European Council on Foreign Relations

Bulgaria points finger at Hezbollah


Nonetheless, while justified, the step may actually prove counterproductive so far as guarding the fragile stability of Lebanon is concerned. It may also strengthen the hand of Hezbollah ally Bashar al-Assad in neighbouring Syria. As I argued in an oped for the International Herald Tribune last September, Hezbollah has not, despite expectations to the contrary, aggressively sought to cement its control over Lebanon over the past two years and has only offered limited material support to the beleaguered Assad regime.

"Europes willingness to date to resist U.S. and Israeli pressure to place Hezbollah on its terrorism list and under a sanctions regime has been critical to maintaining the groups moderation and Lebanons uneasy calm. European engagement has provided Hezbollahs leadership with reassurance that there will be political room for their group in the post-Assad era. This has been key to preventing a pre-emptive offensive by Hezbollah to secure its position, particularly given mounting international pressure against Iran and Syria, its two regional backers."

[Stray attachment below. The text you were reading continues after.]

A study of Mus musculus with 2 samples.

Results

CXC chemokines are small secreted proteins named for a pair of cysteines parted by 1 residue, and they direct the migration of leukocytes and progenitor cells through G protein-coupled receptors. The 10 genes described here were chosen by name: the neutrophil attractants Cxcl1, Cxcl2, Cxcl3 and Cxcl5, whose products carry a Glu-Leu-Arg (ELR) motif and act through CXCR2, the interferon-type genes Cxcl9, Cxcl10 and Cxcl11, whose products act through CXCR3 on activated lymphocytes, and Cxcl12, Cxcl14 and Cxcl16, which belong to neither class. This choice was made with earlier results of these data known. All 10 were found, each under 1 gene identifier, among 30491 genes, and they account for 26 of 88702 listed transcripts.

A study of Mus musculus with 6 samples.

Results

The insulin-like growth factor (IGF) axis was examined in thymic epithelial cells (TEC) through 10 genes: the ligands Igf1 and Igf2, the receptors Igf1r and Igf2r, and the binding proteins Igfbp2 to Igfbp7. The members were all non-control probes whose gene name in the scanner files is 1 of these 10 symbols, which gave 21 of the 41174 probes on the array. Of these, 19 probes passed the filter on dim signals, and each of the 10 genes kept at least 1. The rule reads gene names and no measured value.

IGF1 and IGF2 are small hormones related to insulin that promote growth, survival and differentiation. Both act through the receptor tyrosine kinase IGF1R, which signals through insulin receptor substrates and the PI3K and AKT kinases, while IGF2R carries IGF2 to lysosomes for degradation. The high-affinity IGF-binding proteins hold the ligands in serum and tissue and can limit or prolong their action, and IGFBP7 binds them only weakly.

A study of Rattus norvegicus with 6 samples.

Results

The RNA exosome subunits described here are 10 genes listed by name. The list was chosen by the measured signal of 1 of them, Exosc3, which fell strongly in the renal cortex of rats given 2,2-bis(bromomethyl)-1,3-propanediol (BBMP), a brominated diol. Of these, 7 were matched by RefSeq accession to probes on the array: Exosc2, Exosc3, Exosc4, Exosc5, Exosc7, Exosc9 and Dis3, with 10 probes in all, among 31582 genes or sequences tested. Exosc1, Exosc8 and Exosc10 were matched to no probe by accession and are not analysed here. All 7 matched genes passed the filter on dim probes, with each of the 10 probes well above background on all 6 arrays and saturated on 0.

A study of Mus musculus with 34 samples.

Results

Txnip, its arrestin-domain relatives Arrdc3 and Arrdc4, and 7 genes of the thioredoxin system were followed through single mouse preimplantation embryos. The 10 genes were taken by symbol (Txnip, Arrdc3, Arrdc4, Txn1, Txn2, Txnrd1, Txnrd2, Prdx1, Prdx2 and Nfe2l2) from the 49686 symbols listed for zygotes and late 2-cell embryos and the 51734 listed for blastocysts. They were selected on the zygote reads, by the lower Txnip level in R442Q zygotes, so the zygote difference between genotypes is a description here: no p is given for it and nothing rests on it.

Given the prevailing regional and international dynamics it would probably be wrong to overstate Europe's influence on Hezbollah's thinking at the current moment. Nonetheless, EU sanctions, reflecting an intensifying international push against the movement at a time when their Sunni opponents are also on the regional ascendancy, may help provoke a more aggressive turn. Fearful of losing domestic manoeuvrability Hezbollah may look to secure a firmer grip on the domestic levers of power. Cornered, it may also increasingly tie its own survival to that of the Assad regime, resulting in increased material support to Damascus to the detriment of the rebel cause.

In short, while sanctioning the movement may be the right European response to a clear act of terrorism, it may also add fuel to the flames of the intensifying political and sectarian conflict tearing across the Levant.